Steam is having a sale for a few days on roguelike and roguelite games, as well as “Souls-like” and “metroidvanias.” They published a page defining each of the terms, which I don’t entirely agree with, and by featuring all of them in a sale called Going Rogue they seem to be purposely conflating these terms, which annoys me a little, although there are plenty more concerning things going on in the world right now. (Especially metroidvania, which really has almost nothing to do with roguelikes.)
I give some better definitions down below, but in the meantime let’s have a look at some interesting items in their sale:
Rogue Legacy 2 (20% off at $19.99): The first Rogue Legacy was a surprisingly long time ago! It was an important exploratory action-adventure game with randomly generated areas. Player death was an intended part of the game: after a character dies, for the next game the player picks one of that character’s offspring, which has different, randomly-generated characteristics. They could also use money found on the last run to upgrade a town, to provide new characters services before they entered the dungeon. Rogue Legacy 2 looks like it continues the tradition.
Slay the Spire (60% off at $9.99): If you’re tired of buzzwords then you might be wary of a game that says it’s both a roguelike and a deck builder, but I think they’re two concepts that fit together pretty solidly-which recent years have proved well enough. This may have been the first of the type. It came out in January 2019 but is still rated Overwhelmingly Positive on Steam, and that’s worth something.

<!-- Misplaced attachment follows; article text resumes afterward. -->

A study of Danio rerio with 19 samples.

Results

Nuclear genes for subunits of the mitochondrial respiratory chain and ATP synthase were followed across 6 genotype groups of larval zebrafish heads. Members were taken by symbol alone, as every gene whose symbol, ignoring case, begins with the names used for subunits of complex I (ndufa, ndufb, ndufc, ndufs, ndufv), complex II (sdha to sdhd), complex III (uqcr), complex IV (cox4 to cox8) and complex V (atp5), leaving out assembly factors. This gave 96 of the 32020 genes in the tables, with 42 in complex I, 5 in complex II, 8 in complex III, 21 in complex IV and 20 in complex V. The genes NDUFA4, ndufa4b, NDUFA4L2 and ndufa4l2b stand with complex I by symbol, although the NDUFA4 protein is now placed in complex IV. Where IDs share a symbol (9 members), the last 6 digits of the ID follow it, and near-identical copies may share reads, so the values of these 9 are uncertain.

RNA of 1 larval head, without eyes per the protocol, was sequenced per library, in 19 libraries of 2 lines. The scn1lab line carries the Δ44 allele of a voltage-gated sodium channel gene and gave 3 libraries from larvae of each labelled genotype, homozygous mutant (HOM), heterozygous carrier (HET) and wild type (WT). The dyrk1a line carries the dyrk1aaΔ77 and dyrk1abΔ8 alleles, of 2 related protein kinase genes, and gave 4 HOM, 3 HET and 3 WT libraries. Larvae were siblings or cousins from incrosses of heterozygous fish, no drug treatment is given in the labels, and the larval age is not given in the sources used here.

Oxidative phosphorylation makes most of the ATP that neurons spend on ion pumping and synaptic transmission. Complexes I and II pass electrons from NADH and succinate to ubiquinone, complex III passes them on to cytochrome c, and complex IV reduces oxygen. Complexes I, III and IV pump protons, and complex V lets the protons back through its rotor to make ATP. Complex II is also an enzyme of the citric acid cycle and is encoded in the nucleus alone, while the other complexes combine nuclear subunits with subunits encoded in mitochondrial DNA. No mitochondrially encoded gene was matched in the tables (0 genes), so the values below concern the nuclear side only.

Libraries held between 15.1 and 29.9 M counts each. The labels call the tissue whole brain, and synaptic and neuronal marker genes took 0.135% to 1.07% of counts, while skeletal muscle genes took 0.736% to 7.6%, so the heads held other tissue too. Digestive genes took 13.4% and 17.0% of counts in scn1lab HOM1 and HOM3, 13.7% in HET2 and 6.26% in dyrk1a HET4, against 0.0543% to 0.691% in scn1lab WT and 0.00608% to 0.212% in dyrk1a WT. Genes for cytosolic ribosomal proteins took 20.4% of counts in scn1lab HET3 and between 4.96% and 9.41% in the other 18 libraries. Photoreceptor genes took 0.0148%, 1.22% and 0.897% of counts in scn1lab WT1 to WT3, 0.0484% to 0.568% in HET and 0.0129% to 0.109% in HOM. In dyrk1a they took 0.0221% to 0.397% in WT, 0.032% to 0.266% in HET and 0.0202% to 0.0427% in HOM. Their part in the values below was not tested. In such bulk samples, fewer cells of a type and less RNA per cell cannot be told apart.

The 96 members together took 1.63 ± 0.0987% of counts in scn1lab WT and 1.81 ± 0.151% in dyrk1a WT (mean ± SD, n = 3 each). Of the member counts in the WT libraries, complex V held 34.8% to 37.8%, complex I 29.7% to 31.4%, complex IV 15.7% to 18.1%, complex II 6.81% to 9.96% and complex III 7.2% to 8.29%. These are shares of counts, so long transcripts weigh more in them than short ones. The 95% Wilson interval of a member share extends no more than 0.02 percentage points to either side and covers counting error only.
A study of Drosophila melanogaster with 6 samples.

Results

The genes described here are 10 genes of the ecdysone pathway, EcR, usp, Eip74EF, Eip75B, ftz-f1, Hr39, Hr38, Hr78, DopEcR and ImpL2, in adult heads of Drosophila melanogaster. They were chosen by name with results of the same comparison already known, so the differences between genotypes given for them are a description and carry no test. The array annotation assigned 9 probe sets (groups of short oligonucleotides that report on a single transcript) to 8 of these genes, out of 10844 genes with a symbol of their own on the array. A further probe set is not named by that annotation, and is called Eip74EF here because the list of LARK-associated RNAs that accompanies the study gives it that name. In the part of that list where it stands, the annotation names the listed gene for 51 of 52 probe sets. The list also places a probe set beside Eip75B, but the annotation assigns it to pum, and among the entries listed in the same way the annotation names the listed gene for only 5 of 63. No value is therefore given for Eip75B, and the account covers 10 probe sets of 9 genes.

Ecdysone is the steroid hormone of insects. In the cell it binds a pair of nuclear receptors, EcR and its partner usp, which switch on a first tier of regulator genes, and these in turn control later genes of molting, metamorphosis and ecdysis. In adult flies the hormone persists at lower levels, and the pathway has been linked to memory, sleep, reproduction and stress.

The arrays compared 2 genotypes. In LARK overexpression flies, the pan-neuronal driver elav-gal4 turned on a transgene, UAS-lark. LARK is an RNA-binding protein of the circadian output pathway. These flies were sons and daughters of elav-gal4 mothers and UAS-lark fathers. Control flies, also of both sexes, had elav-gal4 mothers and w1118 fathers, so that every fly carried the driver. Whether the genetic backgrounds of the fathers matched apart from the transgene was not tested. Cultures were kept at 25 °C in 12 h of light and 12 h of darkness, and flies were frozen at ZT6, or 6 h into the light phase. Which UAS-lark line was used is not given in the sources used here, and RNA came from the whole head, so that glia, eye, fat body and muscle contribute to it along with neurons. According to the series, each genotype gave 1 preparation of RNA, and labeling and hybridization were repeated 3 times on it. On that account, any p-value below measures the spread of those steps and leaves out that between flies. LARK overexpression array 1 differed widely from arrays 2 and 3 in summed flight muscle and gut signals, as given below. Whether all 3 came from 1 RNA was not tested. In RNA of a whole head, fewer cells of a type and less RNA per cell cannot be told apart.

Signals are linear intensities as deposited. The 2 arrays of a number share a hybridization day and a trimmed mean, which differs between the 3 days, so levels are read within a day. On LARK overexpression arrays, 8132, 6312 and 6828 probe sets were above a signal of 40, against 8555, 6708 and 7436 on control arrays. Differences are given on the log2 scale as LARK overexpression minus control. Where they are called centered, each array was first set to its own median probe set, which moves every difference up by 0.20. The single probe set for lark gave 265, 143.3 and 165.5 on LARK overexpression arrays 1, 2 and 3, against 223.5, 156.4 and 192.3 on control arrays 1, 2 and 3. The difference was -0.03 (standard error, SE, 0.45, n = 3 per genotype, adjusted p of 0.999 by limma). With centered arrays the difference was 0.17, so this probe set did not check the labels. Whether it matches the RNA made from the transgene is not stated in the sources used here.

Peglin (10% off at $17.99): It’s one of the newest games in the sale, a combination of roguelite play and Peggle-like pachinko. In the future, all games will be defined by their likes, so we might as well get started now I suppose. The essence of roguelike games, I believe is in adapting to uncertainty, and a mode of pachinko certainly fits that bill.
Currently there’s also Dead Cells (40% off at $14.99), Noita (50% off at $9.99), Enter the Gungeon (60% off at $5.99), and Streets of Rogue (60% off at $7.99). There’s some interesting games in the metroidvania and Souls-like corners too, especially Bloodstained: Ritual of the Night (60% off at $15.99).
So, about those definitions
Roguelikes got their name during the formation of the Usenet group rec.games.roguelike, for being like the classic terminal-based RPG Rogue. At that time it was obvious what the term meant: turn-based tactical combat roleplaying games with random dungeons and randomized items, usually with ASCII graphics by necessity since they were played in a terminal. In the time since then the importance of ASCII graphics has diminished a lot, but the other aspects are pretty good identifying characteristics. Since roguelikes of this form are still popular in some circles, it feels right to let them have it. Although I should note that one of the people who made Rogue has said that they consider a “roguelike” to be a game that can surprise its creator. (I could well be misremembering this, granted.) Since the Steam page mentions it, I figure I should at least link to the Berlin Interpretation’s definition of what it means to be a roguelike.
Roguelites may have gotten their name from me, back in the days @Play was on GameSetWatch. It’s been like 15 years, I don’t remember that well. I used the term to describe games like Spelunky and Binding of Isaac, which wrapped action gameplay around a roguelike core. Another good term for these is action roguelike. The page on Steam states that the ability to bring elements across games is a factor that could make something roguelite, but there are roguelike games with that aspect: NetHack‘s bones levels, for instance, and Shiren the Wanderer‘s between-play progressions.
Souls-like games take after Dark Souls, which has some superficial gameplay similarities with roguelikes (especially the difficulty and emphasis on playing smart) but really shouldn’t be lumped in with them carelessly.
Metroidvanias are exploratory platformers set in a large world. There’s usually some kind of item-based movement advancement that gates access to later areas. The term was probably coined by Jeremy Parish. They get their names from the 2D Metroid games and the exploratory versions of the 2D Castlevania games-which don’t include the original Castlevania, despite what Valve’s page says.